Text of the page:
November 17, 2005 -- “Shopgirl” is a bittersweet love story about some people who are burned by love because they risk much, and others who are burned by love because they don't risk enough. Naturally, those who risk the most are those who gain the most.
Steve Martin (who also wrote the screenplay and the book on which it is based) stars as one of the lovers, Ray Porter, a software millionaire. He meets Mirabelle (Claire Danes of “Stage Beauty”) at a department store where she works and finds a way to meet her. She falls in love with him, but he holds himself a bit apart, keeping his options open. Mirabelle drops her other boyfriend, Jeremy (Jason Schwartzman of “Bewitched”), a struggling artist. Jeremy's love for Mirabelle inspires him to become a better person, even though he is rejected. He embarks on a cross country odyssey with a rock and roll band. Eventually, Jeremy, Ray and Mirabelle come to a crossroads and each must decide what to do about their future. The result is predictable, but the path they take to arrive at their point of decision is somewhat unconventional.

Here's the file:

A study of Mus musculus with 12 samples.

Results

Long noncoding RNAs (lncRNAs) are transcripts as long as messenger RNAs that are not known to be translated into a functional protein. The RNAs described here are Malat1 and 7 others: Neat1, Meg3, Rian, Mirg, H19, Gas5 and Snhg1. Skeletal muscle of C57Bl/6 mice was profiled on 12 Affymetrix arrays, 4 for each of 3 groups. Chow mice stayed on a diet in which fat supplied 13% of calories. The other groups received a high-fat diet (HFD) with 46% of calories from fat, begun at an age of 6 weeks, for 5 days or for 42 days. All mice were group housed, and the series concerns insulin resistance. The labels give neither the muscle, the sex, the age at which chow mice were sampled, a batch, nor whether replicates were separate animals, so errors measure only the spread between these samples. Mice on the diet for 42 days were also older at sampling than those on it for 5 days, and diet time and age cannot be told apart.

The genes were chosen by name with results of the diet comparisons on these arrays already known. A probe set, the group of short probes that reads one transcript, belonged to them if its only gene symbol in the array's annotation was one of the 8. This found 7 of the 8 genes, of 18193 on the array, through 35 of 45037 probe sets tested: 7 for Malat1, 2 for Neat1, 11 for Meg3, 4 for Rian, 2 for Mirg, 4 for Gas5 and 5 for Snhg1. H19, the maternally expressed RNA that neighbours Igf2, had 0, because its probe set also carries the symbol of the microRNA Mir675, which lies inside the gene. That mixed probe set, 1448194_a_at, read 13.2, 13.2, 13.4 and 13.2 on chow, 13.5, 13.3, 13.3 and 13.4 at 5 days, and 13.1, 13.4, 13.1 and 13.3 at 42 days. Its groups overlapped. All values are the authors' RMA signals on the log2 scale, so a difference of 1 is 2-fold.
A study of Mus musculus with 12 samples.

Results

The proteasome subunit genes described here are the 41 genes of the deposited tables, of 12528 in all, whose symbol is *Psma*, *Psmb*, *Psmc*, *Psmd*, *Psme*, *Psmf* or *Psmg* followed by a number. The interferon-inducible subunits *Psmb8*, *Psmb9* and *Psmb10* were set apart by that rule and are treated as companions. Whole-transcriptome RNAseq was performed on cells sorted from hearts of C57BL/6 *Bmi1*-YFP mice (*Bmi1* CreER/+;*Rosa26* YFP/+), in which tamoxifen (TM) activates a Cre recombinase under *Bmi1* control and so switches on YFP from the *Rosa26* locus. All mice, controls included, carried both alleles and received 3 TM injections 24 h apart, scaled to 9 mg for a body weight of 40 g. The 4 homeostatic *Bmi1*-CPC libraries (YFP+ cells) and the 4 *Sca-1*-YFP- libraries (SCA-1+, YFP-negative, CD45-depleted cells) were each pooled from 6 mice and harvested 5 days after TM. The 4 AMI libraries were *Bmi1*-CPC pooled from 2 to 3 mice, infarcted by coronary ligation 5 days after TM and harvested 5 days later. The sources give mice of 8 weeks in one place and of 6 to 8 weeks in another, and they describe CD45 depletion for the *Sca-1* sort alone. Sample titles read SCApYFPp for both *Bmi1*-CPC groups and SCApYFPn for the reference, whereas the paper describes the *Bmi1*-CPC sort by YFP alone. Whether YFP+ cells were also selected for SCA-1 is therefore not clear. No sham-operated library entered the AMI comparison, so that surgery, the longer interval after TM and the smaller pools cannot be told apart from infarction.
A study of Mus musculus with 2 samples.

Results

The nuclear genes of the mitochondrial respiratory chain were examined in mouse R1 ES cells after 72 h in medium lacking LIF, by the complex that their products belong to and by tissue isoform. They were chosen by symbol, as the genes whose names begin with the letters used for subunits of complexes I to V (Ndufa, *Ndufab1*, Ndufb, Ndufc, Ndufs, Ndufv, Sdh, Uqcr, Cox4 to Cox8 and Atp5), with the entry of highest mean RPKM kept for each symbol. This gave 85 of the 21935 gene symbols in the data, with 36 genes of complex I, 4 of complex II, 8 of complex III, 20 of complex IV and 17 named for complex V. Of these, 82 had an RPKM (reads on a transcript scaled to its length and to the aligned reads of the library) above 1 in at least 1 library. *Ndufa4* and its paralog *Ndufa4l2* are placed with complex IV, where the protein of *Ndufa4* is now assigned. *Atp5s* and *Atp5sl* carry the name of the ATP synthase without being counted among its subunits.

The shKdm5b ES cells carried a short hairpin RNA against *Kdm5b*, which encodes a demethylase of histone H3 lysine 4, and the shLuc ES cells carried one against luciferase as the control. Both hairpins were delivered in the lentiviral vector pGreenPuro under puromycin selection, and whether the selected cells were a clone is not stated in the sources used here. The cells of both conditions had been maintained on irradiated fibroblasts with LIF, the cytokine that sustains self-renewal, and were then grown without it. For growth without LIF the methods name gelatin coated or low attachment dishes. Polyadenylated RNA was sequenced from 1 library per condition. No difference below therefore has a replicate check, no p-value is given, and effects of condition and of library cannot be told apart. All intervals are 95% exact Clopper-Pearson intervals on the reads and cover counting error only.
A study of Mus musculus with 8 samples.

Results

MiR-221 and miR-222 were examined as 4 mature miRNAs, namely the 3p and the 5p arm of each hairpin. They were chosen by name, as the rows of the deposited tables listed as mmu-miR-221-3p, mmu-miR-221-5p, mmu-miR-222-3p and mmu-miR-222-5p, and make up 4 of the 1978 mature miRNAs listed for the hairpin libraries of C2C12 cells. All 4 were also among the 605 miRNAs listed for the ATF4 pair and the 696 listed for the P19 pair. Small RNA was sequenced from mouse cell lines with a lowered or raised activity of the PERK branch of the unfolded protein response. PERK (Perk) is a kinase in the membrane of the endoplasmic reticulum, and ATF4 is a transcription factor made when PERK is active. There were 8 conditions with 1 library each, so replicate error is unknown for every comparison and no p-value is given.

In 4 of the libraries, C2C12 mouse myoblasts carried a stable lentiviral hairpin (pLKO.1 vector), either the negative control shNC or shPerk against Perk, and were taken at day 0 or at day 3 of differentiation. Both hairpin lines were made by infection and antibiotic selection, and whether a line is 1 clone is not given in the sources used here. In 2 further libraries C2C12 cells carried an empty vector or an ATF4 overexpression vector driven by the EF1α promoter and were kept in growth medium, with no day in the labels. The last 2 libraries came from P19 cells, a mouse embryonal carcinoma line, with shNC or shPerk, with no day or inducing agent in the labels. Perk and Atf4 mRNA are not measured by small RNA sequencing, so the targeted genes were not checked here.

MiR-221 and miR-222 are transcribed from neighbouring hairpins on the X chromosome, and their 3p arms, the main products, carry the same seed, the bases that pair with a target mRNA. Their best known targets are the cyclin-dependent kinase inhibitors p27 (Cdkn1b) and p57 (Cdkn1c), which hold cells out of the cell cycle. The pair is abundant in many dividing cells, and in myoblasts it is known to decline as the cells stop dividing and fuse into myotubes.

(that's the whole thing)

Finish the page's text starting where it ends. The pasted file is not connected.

Like Martin's earlier great film “L.A. Story,” the story takes place in Los Angeles and the city and the lifestyle are key elements in the film. The loneliness and isolation of the city's people, also evident in Martin's earlier films, is more acute in this latest film. Both Mirabelle and Ray are surrounded by a modern, shiny, sterile environment which seems very alien. Jeremy, the artist, is the only one who seems to live in a unique environment of his own making. Both Ray's home, and Mirabelle's workplace seem seem like places which are unwelcoming to humans. They seem like places more fit for robots. This near total separation of humanity from any kind of natural environment is a clever construct of the film's art designer Sue Chan. There is also some nudity in the film.
The acting in the film is superb by all the leads. This is Claire Danes best performance since “Romeo + Juliet.” Schwartzman gives the film a nice comic edge and it is nice to see an actor for a change who hasn't had all of his body hair forcibly removed. The production values are high. The story has a ring of truth to it and it has some unexpected twists. This film rates an A.